Below are some examples of how to use the YUM history command.
View Complete YUM History
To view a full history of
transactions, we can run the command below which will show us the: transaction id, login user who executed the particular action, date and time when the operation happened, the actual action and additional information about any thing wrong with the operation:
# yum history
View Yum History
Use Yum to Find Package Info
The history sub-commands: info/list/summary can take a transaction ID or package name as an argument. Additionally, the list sub-command can take a special argument, all meaning – all transactions.
The previous history command is equivalent to running:
# yum history list all
And, you can view details of transactions concerning a given package such as httpd web server with the info command as follows:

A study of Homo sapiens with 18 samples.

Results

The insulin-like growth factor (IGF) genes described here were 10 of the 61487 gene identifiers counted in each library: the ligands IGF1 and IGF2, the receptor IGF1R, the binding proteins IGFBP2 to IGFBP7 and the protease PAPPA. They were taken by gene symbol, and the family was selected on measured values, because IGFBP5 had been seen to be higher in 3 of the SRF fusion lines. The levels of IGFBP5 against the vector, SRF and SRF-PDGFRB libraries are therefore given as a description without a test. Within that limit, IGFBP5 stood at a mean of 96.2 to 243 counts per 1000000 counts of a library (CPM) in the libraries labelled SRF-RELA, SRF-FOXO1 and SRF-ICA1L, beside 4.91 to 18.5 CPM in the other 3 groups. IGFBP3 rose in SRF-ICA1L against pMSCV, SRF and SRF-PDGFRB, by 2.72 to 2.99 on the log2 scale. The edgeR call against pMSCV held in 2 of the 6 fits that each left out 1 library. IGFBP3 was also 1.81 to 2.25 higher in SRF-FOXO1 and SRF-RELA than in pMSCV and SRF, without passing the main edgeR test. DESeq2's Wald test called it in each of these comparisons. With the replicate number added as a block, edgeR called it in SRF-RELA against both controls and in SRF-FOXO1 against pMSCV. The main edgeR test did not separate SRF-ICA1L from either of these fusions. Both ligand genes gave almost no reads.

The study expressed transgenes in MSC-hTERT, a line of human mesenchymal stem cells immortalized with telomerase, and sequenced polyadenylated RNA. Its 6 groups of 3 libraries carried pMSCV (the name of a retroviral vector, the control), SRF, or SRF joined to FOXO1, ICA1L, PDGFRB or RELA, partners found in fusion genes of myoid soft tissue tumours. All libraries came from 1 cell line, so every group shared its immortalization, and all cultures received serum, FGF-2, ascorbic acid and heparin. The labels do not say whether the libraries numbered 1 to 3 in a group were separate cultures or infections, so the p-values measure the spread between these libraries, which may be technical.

# yum history info httpd
Yum – Find Package Info
To get a summary of the transactions concerning httpd package, we can issue the following command:
# yum history summary httpd
Yum – Find Summary of Package
It is also possible to use a transaction ID, the command below will display details of the transaction ID 15.
# yum history info 15
Yum – Find Package Info Using ID
Use Yum History to Find Package Transaction Info
There are sub-commands that print out transaction details of a specific package or group of packages. We can use package-list or package_info to view more info about httpd package like so:
# yum history package-list httpd
# yum history package-info httpd
Yum – Find Package Transaction Info
To get history about multiple packages, we can run:
# yum history package-list httpd epel-release
# yum history packages-list httpd epel-release
Yum – Find Multiple Packages Info
Use Yum to Rollback Packages
Furthermore, there are certain history sub-commands that enable us to: undo/redo/rollback transactions.
Undo – will undo a specified transaction.
redo – repeat the work of a specified transaction
rollback – will undo all transactions up to the point of the specified transaction.
They take either a single transaction id or the keyword last and an offset from the last transaction.
For example, assuming we’ve done 60 transactions, “last” refers to transaction 60, and “last-4” points to transaction 56.